More than 250 riders, drivers and spectators along with 106 horses from across the nation and around the world gathered together to experience in the 55th Annual Chief Joseph Trail Ride organized by the Appaloosa Horse Club (ApHC), July 22-26, 2019. The Chief Joseph Trail Ride is a progressive ride tracing, as closely as possible, the route Chief Joseph and the Nez Perce took while attempting to escape the US Cavalry in 1877.
The ride is currently on its fifth passage of the route that takes thirteen years to complete. This year, when riders and their Appaloosas covered 113 miles in just five days in Idaho from Grangeville to Musselshell Meadows, the third leg was completed.
A variety of special presentations and ceremonies were held throughout the week in respect of the significant history being retraced. Riders from twenty U.S. states as well as Germany and Norway attended this year’s event. Many who attend the Chief Joseph Trail Ride return year after year, like Robert Swick and Bill & Vivian Bobbitt, who have taken part for more than 40 years. Not only do riders keep returning, so do the Appaloosas who carry them. Nine horses on this year’s ride have each been participating for more than 10 years.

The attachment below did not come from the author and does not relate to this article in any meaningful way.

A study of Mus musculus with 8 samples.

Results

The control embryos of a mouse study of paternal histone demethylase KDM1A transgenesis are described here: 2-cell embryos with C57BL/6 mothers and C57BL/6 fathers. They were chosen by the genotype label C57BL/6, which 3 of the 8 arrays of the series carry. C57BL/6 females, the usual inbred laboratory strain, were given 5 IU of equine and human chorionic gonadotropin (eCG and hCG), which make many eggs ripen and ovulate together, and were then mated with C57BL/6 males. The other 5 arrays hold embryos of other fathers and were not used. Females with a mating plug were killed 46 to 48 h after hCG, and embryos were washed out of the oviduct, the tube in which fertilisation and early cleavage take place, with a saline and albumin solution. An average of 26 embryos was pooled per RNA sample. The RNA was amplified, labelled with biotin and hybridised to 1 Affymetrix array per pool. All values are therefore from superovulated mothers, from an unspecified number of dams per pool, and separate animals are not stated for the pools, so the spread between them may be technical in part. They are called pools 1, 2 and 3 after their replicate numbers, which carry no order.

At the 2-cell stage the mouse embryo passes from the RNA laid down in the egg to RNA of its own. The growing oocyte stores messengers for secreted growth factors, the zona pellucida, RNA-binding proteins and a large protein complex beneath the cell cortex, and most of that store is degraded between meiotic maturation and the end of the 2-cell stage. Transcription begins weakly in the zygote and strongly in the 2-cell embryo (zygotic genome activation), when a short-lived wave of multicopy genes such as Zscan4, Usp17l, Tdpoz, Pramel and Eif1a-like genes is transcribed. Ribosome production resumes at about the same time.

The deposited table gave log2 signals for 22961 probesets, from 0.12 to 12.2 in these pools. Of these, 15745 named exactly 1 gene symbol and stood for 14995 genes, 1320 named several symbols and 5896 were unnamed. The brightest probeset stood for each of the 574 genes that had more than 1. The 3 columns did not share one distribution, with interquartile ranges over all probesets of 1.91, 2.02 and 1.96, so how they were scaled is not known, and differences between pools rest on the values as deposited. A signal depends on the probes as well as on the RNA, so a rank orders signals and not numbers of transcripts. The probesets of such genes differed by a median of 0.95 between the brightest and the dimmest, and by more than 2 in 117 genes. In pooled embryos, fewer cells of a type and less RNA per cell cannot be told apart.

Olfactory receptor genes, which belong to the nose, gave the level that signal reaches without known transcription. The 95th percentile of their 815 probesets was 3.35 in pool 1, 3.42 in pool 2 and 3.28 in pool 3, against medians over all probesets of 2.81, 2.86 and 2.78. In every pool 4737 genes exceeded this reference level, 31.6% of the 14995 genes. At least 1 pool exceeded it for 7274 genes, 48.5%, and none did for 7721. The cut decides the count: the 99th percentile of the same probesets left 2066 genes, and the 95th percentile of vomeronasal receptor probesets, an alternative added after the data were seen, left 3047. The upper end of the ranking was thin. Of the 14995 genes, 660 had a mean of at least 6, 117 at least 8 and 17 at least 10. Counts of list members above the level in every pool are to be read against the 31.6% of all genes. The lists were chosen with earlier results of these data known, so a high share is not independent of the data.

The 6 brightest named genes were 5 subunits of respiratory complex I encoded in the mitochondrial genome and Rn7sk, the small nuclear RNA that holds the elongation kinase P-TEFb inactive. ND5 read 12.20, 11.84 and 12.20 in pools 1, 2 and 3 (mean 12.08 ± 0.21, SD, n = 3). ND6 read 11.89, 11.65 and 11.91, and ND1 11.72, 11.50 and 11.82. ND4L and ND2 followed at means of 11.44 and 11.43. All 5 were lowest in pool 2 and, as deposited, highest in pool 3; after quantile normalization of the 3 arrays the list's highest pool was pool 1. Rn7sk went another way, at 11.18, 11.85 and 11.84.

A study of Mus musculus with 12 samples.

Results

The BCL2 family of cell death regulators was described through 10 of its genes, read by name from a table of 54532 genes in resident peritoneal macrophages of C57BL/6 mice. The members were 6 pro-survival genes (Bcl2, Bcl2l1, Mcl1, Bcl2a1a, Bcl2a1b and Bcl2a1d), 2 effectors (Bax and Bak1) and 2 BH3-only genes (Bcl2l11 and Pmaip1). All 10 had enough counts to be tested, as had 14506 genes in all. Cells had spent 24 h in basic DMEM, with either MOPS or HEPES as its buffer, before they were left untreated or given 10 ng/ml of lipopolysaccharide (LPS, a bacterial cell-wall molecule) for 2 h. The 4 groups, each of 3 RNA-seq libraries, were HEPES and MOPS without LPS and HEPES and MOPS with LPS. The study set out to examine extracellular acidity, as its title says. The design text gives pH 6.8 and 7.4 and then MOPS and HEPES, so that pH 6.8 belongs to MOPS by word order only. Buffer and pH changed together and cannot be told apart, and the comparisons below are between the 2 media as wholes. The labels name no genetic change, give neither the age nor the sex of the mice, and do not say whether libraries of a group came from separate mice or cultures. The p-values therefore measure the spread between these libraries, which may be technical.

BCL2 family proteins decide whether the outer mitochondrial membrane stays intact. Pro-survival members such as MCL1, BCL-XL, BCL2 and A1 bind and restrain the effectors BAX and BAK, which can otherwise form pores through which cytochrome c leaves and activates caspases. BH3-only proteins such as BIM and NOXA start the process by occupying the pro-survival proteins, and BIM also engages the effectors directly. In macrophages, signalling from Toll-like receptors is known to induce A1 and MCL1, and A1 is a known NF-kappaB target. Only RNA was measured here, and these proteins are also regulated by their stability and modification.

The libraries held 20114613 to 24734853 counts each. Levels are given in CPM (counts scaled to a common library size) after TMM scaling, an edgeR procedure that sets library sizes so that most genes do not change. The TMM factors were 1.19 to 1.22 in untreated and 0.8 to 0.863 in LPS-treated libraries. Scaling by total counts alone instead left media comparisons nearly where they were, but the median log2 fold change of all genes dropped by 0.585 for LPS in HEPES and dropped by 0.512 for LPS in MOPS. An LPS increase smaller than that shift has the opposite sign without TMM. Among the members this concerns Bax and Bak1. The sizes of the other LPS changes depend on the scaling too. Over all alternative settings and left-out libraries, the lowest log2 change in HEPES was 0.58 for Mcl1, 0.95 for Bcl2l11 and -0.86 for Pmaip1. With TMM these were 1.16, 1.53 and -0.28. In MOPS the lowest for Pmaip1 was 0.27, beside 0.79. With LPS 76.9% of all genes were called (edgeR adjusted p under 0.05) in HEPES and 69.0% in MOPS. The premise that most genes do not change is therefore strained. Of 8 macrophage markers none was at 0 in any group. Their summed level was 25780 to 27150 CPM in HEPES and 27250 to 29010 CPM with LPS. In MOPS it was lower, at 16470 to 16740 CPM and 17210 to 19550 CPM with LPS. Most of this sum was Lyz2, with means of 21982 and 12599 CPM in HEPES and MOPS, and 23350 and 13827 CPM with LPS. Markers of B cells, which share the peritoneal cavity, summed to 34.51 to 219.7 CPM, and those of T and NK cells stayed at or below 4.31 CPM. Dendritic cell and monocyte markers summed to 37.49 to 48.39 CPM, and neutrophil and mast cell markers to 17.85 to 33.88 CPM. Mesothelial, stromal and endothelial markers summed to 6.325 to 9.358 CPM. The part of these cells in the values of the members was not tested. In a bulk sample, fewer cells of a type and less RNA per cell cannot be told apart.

Those who attend the annual ride don’t soon forget the experiences or the memories made, reflecting on them long after the sun sets on final camp. Many will count down the days until they meet again in the summer of 2020, continuing on the route Chief Joseph and the Nez Perce laid nearly 150 years ago.
Be sure to watch for the October/November 2019 issue of Appaloosa Journal for additional coverage of the 55th Annual Chief Joseph Trail Ride.
The Appaloosa Horse Club (ApHC) was established in 1938 with a mission of honoring the heritage and promoting the future of the Appaloosa horse. The ApHC has since registered more than 700,000 Appaloosas, which are known for their distinctive color, intelligence and even temperament. True to their reputation as an extremely versatile breed, Appaloosas can be found in nearly every discipline including racing, endurance riding and serving as reliable family horses. The international breed registry is headquartered in Moscow, Idaho, the heart of the Palouse region—the Appaloosa breed’s namesake and point of origin.